Contact Wendy Lawton

Brown Hosts Conference on Closing School Readiness Gaps

Early childhood leaders will meet at Brown University on March 8 to discuss how to best prepare minority children for success at school. The conference, co-sponsored by Brown’s Center for Human Development and Rhode Island KIDS COUNT, will feature remarks by Columbia University professor Jeanne Brooks-Gunn and Providence Schools Superintendent Donnie Evans.

PROVIDENCE, R.I. — Brown University will host a conference to share findings of a national report titled School Readiness: Closing Racial and Ethnic Gaps. More than 100 early childhood and K-12 policy-makers and practitioners from Rhode Island, Connecticut and Massachusetts will gather to discuss the report and act on its findings.


The conference will be held Wednesday, March 8, 2006, from 8:30 a.m. to 4 p.m. at the Brown Faculty Club, located at One Magee Street.

The readiness report was featured in The Future of Children, a publication of The Woodrow Wilson School of Public and International Affairs at Princeton University and The Brookings Institution. The journal promotes effective policies and programs for children by providing objective, original research and analysis. Last year, the journal devoted a 195-page issue to children’s lives before they get to kindergarten in an effort to understand how to best close the racial and ethnic gaps in school achievement.

Jeanne Brooks-Gunn, a contributing author of the report, will highlight the journal findings in a keynote address. The report’s eight chapters address the size of the gap, examine possible explanation for differences in school readiness, and identify policies that hold promise for closing the gap and improving outcomes for children. The Virginia and Leonard Marx Professor of Child Development and Education at Teachers College, Columbia University, Brooks-Gunn will discuss approaches that directly address all factors – such as health, early learning and parenting – that contribute to school readiness.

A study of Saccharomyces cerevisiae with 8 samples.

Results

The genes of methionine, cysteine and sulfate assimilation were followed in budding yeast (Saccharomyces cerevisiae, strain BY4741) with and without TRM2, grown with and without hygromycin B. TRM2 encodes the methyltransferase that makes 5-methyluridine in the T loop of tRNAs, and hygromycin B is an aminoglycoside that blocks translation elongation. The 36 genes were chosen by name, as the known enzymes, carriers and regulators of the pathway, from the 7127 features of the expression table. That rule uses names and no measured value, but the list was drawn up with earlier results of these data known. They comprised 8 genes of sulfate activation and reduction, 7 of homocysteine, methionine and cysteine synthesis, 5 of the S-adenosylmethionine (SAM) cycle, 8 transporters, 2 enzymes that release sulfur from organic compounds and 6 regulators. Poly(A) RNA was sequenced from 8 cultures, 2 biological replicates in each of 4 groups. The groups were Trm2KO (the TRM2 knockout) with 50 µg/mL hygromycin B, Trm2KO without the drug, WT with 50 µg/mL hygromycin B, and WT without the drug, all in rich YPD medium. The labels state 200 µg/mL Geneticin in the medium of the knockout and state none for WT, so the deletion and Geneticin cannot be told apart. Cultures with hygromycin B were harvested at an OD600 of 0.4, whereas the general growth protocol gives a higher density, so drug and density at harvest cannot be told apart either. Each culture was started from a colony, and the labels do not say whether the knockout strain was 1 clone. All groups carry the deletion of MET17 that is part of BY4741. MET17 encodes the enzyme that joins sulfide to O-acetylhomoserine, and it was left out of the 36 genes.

“To have the greatest impact, high-quality early childhood programs must aim to change multiple aspects of the child’s environment,” Brooks-Gunn said. “We know that children are more likely to enter school ready to succeed when communities provide access to high-quality early education programs, when health risks are minimized, and when parents have the support they need to engage in the early learning and nurturing of their young children. We must work more intentionally to apply that knowledge so that we reduce the achievement gaps that currently exist between minority children and white children and between lower income children and higher income children.”

Cynthia Garcia Coll, the Robinson and Barstow Professor of Education, Psychology and Pediatrics at Brown, will discuss action steps at the conference along with Rosa Smith, president of the Schott Foundation for Public Education. Providence Schools Superintendent Donnie Evans will provide closing remarks.

“We have plenty of research to show what is necessary to insure that all children are ready to learn,” said Garcie Coll. “The question is: Do we have the will as a society to create the supports necessary to guarantee what is needed for all children and families? This will necessitate more integrated practices and policies that take into consideration the racial and ethnic inequities in our society and the need to eradicate them. These include, amongst others, segregation into poverty-stricken areas, housing and employment discrimination, and the lack of good quality preschool programs.”

“The vision that all children enter school with the confidence, curiosity and skills to succeed is within our reach,” said Elizabeth Burke Bryant, executive director of Rhode Island KIDS COUNT. “We must start at birth and shift our investments from programs that do not work to programs with proven outcomes for young children, especially minority and low-income children. There is no more important task to undertake than to ensure that all of our young children, in all of our communities, have safe and nurturing learning environments in the early years.”

The Future of Children at the Woodrow Wilson School and Education Research Section at Princeton University, the Center for Human Development at Brown University, the Annie E. Casey Foundation, the Ewing Marion Kauffman Foundation, Rhode Island KIDS COUNT, and Grantmakers for Children, Youth and Families are sponsoring the conference.